General Background – The Revolutionary Armed Forces of Colombia (FARC) was created in 1966 by a group of communist rebels, led by Manuel Marulanda, calling for land reform and violent resistance against the government. In the following years, FARC participated in both kidnapping for ransom and drug trafficking in order to fund its operations, including militant resistance. After a ceasefire in 1982, FARC was targeted by right-wing paramilitary groups, beginning a new round of violence between multiple groups aligned with FARC, the government, and criminal gangs. In 2012, FARC ended kidnappings and agreed to resume peace talks with the Colombian government, though such talks were frequently interrupted by violence and ransoming. In October of 2016, a peace agreement was held to a popular vote in a referendum and was narrowly rejected.
Who – The Colombian government and the Revolutionary Armed Forces of Colombia (FARC)
What – The government and FARC have signed a peace agreement following four years of negotiations and a failed referendum on a previous peace deal in October.
The current peace agreement includes:
- A pathway for FARC members to establish a peaceful political party, though they will not be allowed to run in newly created districts in former conflict zones (NYT)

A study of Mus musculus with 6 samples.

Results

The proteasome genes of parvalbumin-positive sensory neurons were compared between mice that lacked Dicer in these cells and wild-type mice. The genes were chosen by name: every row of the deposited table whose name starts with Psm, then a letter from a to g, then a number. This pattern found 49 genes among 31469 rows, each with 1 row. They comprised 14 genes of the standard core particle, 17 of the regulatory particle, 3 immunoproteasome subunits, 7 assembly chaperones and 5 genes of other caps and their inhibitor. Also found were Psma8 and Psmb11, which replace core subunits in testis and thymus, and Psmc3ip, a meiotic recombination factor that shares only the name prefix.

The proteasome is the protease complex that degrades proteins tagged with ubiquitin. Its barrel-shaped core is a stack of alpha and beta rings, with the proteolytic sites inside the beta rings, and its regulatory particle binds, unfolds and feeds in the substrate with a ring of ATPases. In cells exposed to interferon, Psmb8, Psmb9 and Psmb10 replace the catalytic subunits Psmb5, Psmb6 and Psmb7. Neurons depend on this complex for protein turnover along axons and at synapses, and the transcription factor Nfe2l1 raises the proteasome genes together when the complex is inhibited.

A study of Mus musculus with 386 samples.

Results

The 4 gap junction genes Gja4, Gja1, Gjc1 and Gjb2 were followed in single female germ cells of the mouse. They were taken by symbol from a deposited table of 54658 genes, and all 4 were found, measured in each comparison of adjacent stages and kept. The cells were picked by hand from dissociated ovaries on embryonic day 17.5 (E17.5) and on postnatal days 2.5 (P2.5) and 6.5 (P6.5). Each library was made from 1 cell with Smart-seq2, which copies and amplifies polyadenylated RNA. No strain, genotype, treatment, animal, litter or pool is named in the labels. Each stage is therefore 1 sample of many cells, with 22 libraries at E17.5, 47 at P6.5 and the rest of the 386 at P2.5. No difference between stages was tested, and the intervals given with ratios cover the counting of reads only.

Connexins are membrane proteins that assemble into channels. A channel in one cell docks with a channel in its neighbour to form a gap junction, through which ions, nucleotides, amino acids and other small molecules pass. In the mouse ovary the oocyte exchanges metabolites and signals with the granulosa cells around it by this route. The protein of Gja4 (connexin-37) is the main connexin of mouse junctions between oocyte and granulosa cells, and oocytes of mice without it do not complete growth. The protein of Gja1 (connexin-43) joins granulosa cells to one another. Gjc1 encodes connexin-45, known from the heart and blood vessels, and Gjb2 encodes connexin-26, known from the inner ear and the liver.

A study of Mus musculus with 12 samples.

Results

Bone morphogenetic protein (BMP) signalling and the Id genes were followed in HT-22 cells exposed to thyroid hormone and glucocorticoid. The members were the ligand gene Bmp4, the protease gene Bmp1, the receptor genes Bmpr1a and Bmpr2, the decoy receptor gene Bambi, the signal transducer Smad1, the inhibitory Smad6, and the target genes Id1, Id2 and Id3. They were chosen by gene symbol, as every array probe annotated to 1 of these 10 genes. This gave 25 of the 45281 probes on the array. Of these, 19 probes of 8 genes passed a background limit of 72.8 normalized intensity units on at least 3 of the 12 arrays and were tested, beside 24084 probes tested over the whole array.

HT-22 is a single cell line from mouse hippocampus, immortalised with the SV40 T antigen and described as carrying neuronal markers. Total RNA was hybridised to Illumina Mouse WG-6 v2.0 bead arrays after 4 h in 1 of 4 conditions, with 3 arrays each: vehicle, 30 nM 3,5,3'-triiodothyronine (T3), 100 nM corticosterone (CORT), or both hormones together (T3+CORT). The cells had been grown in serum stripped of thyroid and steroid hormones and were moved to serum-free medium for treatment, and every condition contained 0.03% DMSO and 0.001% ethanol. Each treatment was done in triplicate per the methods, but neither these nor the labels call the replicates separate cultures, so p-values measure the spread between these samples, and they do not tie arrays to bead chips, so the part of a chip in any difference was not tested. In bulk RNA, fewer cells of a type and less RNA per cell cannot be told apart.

- Amnesty for lower-level FARC members
- FARC surrendering all of its assets, which will be used to compensate victims of the civil war
- A disarmament of all FARC forces
- Fighters and members of FARC who admit to their deeds and make reparations to victims are to serve 5-8 years with highly restricted movement, but not prison sentences
- Rebels accused of serious offenses, such as war crimes and drug trafficking, will be tried in a special peace tribunal comprised only of Colombian judges
When – December 1, 2016
How – After narrowly failing to pass a peace agreement through popular referendum in October, Juan Manuel Santos, the president of Colombia, held a vote through Colombia’s congress after renegotiating with FARC leadership, which resulted in approval by the Colombian legislature. It should be noted that political opponents of the agreement, led by former Colombian president Alvaro Uribe, boycotted the voting process.
What Next? – The president hopes to pass the necessary bills to affirm the specifics of the treaty as soon as possible. In order to do so, Colombia’s top court must rule that a “fast-track” process is allowable, meaning that the package of laws can bypass some procedural steps typically required. If successful, disarmament and transition supervised by the United Nations could begin before the end of 2016. Otherwise, FARC members will be trapped in legal uncertainty while Colombian officials debate legislation and opponents of the agreement could prolong the effort in hopes that the agreement will fall apart.